Car Buying

9 Things You Should Know Before You Test Drive A Car

By March 28, 2018 No Comments

9-Things-You-Should-Know-Before-Test-Driving-A-Car

A quick drive around the block does not constitute a test drive. Not by a long shot. You can undertake a dozen test drives like that, and still come back knowing nothing more about the car than you did when it was standing in the parking lot.

Test driving is an art. And it is important that you do it right, so you’re not saddled with a car you merely tolerate for several years to come.

When choosing a vehicle, you will always find features you like, and features you don’t like. Test driving is the time when you don’t just admire the great qualities of a model, but evaluate the less attractive attributes, to see if you can deal with them on a daily basis – and still be happy with your purchase decision.

This primer will help you get the most out of any test drive you ever undertake, so you can make an educated decision on which car off your shortlist you will finally buy:

 

# 1: Don’t Fall In Love

• First rule of thumb is not to get emotionally attached to a model you `think’ you want to buy. If you do that, you will start making excuses for its shortcomings, and regret your haste later, when the honeymoon phase is over. Separate yourself from the mental image of you driving the car when you’re on a test drive. This is a fact-finding mission. Not a romantic, honeymoon trip into the sunset.

 

# 2: A Test Drive Should Last 30 Minutes

• At the very least. All cars feel different and have subtly different controls that, when engaged, offer different feedback. You have to give yourself enough time to adapt to these variations.

 

# 3: Don’t Test Drive Anything Different

• Only test drive the car you want to buy. Trying out an upscale variant, for example, will obviously feel better and you might get a false impression that the economy version will give you the same, sublime experience.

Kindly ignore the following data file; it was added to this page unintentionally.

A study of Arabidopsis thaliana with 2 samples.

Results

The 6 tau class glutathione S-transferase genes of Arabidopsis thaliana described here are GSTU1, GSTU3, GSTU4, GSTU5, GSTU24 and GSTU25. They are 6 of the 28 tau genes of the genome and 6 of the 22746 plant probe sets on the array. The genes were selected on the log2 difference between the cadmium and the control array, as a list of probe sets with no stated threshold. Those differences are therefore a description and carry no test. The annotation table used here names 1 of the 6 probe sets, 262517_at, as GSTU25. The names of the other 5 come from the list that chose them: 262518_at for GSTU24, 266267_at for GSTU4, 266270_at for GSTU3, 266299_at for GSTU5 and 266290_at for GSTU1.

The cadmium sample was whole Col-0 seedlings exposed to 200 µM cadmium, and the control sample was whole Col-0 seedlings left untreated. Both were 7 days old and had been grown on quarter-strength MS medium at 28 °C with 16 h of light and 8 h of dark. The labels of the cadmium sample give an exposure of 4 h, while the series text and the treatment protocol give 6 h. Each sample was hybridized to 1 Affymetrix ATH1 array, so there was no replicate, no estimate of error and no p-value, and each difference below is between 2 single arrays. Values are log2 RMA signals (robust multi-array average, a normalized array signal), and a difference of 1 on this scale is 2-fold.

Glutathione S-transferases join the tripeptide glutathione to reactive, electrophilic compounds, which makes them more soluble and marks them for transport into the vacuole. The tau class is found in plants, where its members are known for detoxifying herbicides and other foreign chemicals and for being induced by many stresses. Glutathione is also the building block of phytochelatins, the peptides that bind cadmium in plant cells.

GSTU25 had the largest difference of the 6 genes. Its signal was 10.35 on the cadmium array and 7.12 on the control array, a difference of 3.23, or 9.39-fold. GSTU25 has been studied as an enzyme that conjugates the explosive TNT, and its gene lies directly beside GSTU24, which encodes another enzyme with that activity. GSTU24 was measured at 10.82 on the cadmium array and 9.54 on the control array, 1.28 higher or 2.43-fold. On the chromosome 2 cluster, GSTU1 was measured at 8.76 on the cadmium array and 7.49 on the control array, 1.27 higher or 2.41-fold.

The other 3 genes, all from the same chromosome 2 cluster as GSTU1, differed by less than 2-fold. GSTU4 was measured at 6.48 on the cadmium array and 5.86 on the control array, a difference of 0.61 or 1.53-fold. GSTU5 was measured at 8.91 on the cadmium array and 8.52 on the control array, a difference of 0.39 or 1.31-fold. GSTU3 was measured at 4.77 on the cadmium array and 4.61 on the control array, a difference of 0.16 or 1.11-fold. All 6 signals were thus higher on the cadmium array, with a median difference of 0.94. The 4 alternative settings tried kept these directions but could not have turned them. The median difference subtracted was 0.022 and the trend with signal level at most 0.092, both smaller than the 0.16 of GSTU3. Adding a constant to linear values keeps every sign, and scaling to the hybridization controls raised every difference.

# 4: Don’t Compare The New Car To Your Old Car

• Any new car will seem like a smoother ride when compared to the old car you are used to. So don’t make this mistake. Compare a new car to the other 2-3 new cars on your shortlist only.

How-to-test-drive-a-car

KEEP EMOTIONS IN CHECK: It is easy to lose your head when driving a glamorous new car for the very first time 

# 5: Drive On Roads You Know

• An unfamiliar car on an unfamiliar road will feel… unfamiliar. You won’t know how much of that strangeness is due to the road or the car itself. The real point of a test drive is to control as many variables as possible (like road condition) – except the ones you want to test. So even if you are not familiar with the roads around the dealership, drive on them first in your existing car before you set out to test drive anything.

 

# 6: Test For Everything!

• Test the car in all sorts of conditions you expect to drive it in – in stop-and-go traffic, up and down the hill, on expressways etc. Turn off the music and listen for noise seepage and ambient sounds. Are the gauges, readouts, and display screens easy to view and operate? How efficient is the climate-control system? Does the suspension absorb minor humps and bumps on the road surface? Does it need a lot of runway to merge with expressway traffic? How’s visibility? And ease of steering? Does the vehicle feel stable while cornering, and how well does it negotiate tight spaces?

 

# 7: Play With All The Features

• Try the cruise control. Turn on the seat heater. Use the Bluetooth and make a few calls to confirm voice quality. Check out the Sat Nav. See if the voice recognition system actually recognizes your voice.

 

# 8: Be A Passenger

• Don’t forget to try out the other seats, so you know how passengers will feel riding in your car. In fact, the back seat is a good place to evaluate the ride quality as your attention will not be focused on driving.

 

# 9: Feel Free To Walk Away

• Just because you took the car out on a 30-minute test drive, you’re not obligated to buy it. Take your time. Test drive the other cars on your shortlist. Sleep over the decision and then make a final choice.